Learn about the education and preparation needed to become an auditor. Get a quick view of the requirements as well as details about schooling, job duties and certification requirements to find out if this is the career for you.


Essential Information

An auditor is a type of accountant who is responsible for checking a corporation's accounts and financial records to ensure that they are correct and transparent. Generally, auditors fall into one of two categories, external or internal. An undergraduate degree in accounting is the minimum educational requirement for auditors, though further career opportunities are open to those with master's degrees. Certain professional certifications may also be required depending on an auditor's specific career functions.

Required Education Bachelor's degree at minimum; Master's degree preferred
Other Requirements Certified Public Accountant (CPA) or Certified Internal Auditor (CIA) credential
Projected Job Growth (2014-2024) 11% for all accountants and auditors*
Median Salary (2015) $67,190 for all accountants and auditors*

Source: *U.S. Bureau of Labor Statistics


An undergraduate degree in accounting is the minimum educational requirement for pursuing a career as an auditor. However, most public accounting firms prefer that their internal auditors hold a master's degree in accounting. Many external auditors are encouraged to pursue the Certified Public Accountant (CPA) credential after completing their education. The Certified Internal Auditor (CIA) credential is recommended for internal auditors working for large corporations.

Bachelor of Accountancy

A Bachelor of Accountancy program awards a professional degree and prepares graduates for entry-level accounting positions with public accounting firms, nonprofits and private organizations. Accounting is considered a subfield of business and, as a result, many undergraduate degree programs in accounting are offered by schools of business. Some schools offer bachelor's degrees in business with a concentration in accounting instead of separate accountancy degrees.

All types of accounting degree programs require students to complete some core business courses. These business classes cover topics such as business law, business communications, management, marketing and organizational behavior. Accounting-specific classes include auditing, cost accounting, accounting information systems, federal tax accounting and financial statement analysis.

Master of Accountancy

A Master of Accountancy generally takes one year of full-time study to complete and in most cases meets the 150 credit hour requirement set forth by most states for certification eligibility. The degree is often referred to as the Master of Professional Accountancy or Master of Science in Accountancy. A Master of Accountancy degree program is interdisciplinary and covers advanced topics in accounting. Some of the topics covered include federal income tax, auditing, accounting ethics, performance measurement and valuation.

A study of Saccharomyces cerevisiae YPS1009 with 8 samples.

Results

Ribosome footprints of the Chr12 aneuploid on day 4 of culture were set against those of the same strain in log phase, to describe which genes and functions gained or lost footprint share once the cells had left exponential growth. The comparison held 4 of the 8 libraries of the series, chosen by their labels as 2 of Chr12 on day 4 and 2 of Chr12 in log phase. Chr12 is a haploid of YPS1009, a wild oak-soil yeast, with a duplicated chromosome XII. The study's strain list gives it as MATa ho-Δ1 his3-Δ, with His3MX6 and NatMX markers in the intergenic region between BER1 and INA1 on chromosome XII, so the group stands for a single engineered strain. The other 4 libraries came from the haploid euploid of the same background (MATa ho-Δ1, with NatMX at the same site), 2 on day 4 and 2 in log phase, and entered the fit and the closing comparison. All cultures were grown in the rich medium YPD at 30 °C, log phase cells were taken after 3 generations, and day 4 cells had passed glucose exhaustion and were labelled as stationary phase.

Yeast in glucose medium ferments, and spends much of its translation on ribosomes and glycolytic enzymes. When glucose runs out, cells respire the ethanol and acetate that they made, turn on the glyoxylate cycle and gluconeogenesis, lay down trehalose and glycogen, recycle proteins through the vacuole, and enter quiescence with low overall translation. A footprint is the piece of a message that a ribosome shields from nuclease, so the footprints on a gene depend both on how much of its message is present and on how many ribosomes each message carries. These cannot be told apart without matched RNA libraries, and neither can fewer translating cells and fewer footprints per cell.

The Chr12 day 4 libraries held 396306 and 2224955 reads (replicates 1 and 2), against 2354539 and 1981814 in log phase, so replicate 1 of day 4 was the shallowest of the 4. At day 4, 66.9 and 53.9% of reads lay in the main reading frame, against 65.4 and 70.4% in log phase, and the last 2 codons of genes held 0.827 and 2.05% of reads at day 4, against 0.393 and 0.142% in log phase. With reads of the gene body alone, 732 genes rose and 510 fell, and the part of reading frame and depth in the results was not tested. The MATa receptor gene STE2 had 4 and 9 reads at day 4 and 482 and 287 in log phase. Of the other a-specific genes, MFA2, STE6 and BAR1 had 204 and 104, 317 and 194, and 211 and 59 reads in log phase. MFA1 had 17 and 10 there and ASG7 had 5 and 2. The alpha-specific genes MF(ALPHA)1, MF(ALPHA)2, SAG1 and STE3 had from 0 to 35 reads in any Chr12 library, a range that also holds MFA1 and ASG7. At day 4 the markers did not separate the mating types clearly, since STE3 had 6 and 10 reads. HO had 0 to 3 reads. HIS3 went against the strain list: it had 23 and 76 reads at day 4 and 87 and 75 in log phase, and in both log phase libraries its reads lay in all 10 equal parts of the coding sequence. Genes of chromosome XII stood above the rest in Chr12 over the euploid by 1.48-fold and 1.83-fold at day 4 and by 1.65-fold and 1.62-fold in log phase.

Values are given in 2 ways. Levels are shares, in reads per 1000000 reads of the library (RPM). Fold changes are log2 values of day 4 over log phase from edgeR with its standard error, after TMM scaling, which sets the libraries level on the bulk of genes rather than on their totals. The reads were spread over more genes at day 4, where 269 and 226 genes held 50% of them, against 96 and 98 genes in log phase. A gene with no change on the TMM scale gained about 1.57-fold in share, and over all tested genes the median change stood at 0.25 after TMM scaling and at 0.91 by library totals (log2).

Students who do not have a background in business or accounting can apply apply to a Master of Accountancy program. However, these students are often required to complete a series of prerequisite courses before beginning the degree. Many Master of Accountancy programs require no thesis but may have an internship requirement during the final semester.

Certification Requirements

All external auditors are required to earn the Certified Public Accountant (CPA) credential if they file a report with the Securities and Exchange Commission (SEC). Currently, 150 semester hours is needed for certification. The only states that do not have this hourly requirement include New Hampshire, Colorado, California and Vermont. The CPA exam is administered by the American Institute of Certified Public Accountants (AICPA) and consists of four parts.

Very rarely does a certification candidate pass all four parts of the exam the first time it is taken. However, all parts must be passed within 18 months of passing at least one section. Internal auditors are required to complete certification from the Institute of Internal Auditors (IIA). The Certified Internal Auditor (CIA) credential is awarded after the successful completion of an exam. The exam also consists of four sections and is offered year round.

Career Information

An auditor is responsible for analyzing a firm's financial records to make sure that these records actually reflect the company's current financial state. They also confirm that a company is not involved in fraud or the mismanagement of funds. Internal auditors make recommendations on company operations and suggest changes to policies that may not comply with government regulations and laws. External auditors typically work for a public accounting firm, but some are self-employed.

According to the U.S. Bureau of Labor Statistics (www.bls.gov), an 11% increase in the employment of auditors and accountants is expected for the 2014-2024 period. That's because accountants and auditors will be needed to ensure that companies are in compliance with strict government laws and regulations regarding accountability. Payscale.com reports that most auditors with 1-4 years of experience earned an annual salary between $38,965 and $65,709 in 2016. Most auditors with 10-19 years of experience earned between $40,297 and $100,415 in that year.

Education for an auditor starts with accountancy programs and an auditor credential is also required for most auditor positions. Auditors can choose to become either external auditors or internal auditors. The required certification is dependent on this decision and each category has its own set of responsibilities and employment options.